African Popes

There were three African Popes, who came from the region of North Africa, and although there are no authentic portraits of these popes, there are drawings and references in the Catholic Encyclopedia as to their being of African background. And all are saints!

All of these Popes accomplished many noble tasks during their papacy. However, this seems to be overlooked because of their ethnic backgrounds

Pope Saint Victor 1- (the 14th Pope-189-199 A.D.)

Saint Victor was born in the Roman Province of Africa and bore a Latin name as most Africans did at that time. He served during the reign of Emperor Septimus Servus of Rome, also African, who had led Roman legions in Britain. During his reign, he disputed over many religious practices. One of which was the date of Easter. In Rome, Easter was always observed on Sunday, but Asiatic churches observed Easter on fourteenth day after the vernal equinox, regardless of the day of the week. This caused commotion between people celebrating Easter and fasting for lent. So, Pope Victor ordered all churches to celebrate Easter on the Sunday following the fourteenth day of the vernal equinox. In doing so, he suppressed any further outrage toward the church and was able to compromise with both parties, and thus reaffirming the holy feast of Easter to be held on Sunday as Pope Pius had done. He called Theophilious, Bishop of Alexandria on the carpet for not doing this. He also condemned and excommunicated Theodore of Byzantium because of the denial of the divinity of Jesus Christ. He added acolytes to the attendance of the clergy. He was pope for 10 years, 2 months and 10 days. Until Victor’s time, Rome celebrated the Mass in Greek; Pope Victor changed the language to Latin, which was spoken in his native North Africa. Some reports say that he died a natural death and others say that he was martyred. After his death, he was buried near the body of the apostle, Peter, the first Pope, in the Vatican. Pope Saint Victor 1's feast day is July 28th.

Pope Saint Miltiades-(32nd Pope-311-314 A.D.)

Pope Miltiades was also born in Africa. Before he was elected pope, there was an outcry to banish the Bishops of Rome. To stop this, Governor Maxentius elected Miltiades, who at the time was a priest in Africa. It was Miltiades who led the church to final victory over the Roman Empire. During his papacy, Emperors Galarius, Licinius and Constantine put an end to the persecution of Christians; they were permitted to live as such and to reconstruct their places of religious worship.  Pope Miltiades was also given back all the ecclesiastical buildings and possessions that had been confiscated during the persecutions. Constantine’s wife later let him stay in the Lateran Palace in Rome, becoming the first pope to have an official residence. He is also known for having been granted permission by Constantine to build the Lateran Basilica, which would become the principle church of Rome and the residency of every pope for over 1,000 years. Miltiades decreed that none of the faithful should fast on Sunday or on the fifth day of the week (Thursday)…because this was the custom of the pagans. Pope Miltiades found residing in Rome a Persian based religion called Manichaeism, a system of religious doctrines that included elements of a number of religions, including Christianity, taught by a Persian prophet named Mani. Miltiades was pope for 4 years, 7 months and 8 days. He was buried in the Catacomb of St. Callistus on the famous Appian Way. He was the last pope to be buried in a catacomb. In the 13th century, Pope Miltiades was included with the mistaken qualification of a martyr and on Roman calendar for Celebration on December 10th. In 1969, his feast day was removed from that calendar of obligatory celebrations and moved to January 10th,the date of his death, without the indication of martyr.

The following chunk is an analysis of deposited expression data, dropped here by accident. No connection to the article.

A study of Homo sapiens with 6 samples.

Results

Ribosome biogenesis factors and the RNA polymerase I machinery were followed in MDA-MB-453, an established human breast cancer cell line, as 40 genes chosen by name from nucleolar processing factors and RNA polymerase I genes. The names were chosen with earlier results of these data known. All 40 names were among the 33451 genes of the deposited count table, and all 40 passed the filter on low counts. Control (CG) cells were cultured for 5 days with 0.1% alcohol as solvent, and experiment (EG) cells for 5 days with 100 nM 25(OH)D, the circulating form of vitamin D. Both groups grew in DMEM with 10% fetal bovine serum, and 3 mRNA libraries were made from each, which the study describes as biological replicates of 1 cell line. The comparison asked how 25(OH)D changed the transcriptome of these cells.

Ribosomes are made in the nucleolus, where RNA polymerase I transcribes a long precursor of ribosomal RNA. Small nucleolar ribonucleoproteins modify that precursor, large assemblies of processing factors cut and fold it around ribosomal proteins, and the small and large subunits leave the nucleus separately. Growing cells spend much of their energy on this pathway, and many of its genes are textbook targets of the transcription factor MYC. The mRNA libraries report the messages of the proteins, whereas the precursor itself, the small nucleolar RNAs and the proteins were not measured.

Pope Saint Gelasius 1-(49th Pope-492-496 A.D.)

Pope Gelasius who was born in Rome of African parents and was a member of the Roman clergy from his youth. Of the three African popes, he seems to have been the busiest. He served 4 years, 8 months and 18 days. Gelasius followed up Miltiades’ work with the Manicheans. He exiled them from Rome and burned their books before the doors of the Basilica of the Holy Mary. He delivered the city of Rome from the peril of famine. He was a writer of strong letters to people of all rank and classes. One of the most influential tasks Gelasius accomplished was something that could not be comprehended during modern times: the separation of Church and State. His theory on the relations between Church and state are explained in the Gelasian Letter to the Byzantine Emperor Anastasius. In the letter to Emperor Anastasius he wrote, “You must know, that the authority of Popes is much greater, inasmuch as on the Judgment Day, they will have to render to God an account of the souls of kings.” He is said to be one of the fairest Popes of his time. He denounced Lupercailia, a fertility rite celebration. He asked them sternly why the gods they worshipped had not provided calm seas so the grain ships could have reached Rome in time for the winter. He wrote to Femina, a wealthy woman of rank, and asked her to have the lands of St Peter, taken by the barbarians and the Romans, be returned to the church. The lands were needed for the poor who were flocking to Rome. He divided the revenues of the Church into fourths; one of those fourths went to the poor. He was known for his austerity of life and liberality to the poor. There is today in the library of the Church at Rome a 28 chapter document on Church Administration and Discipline. Pole Gelasius' feast day is November 21st.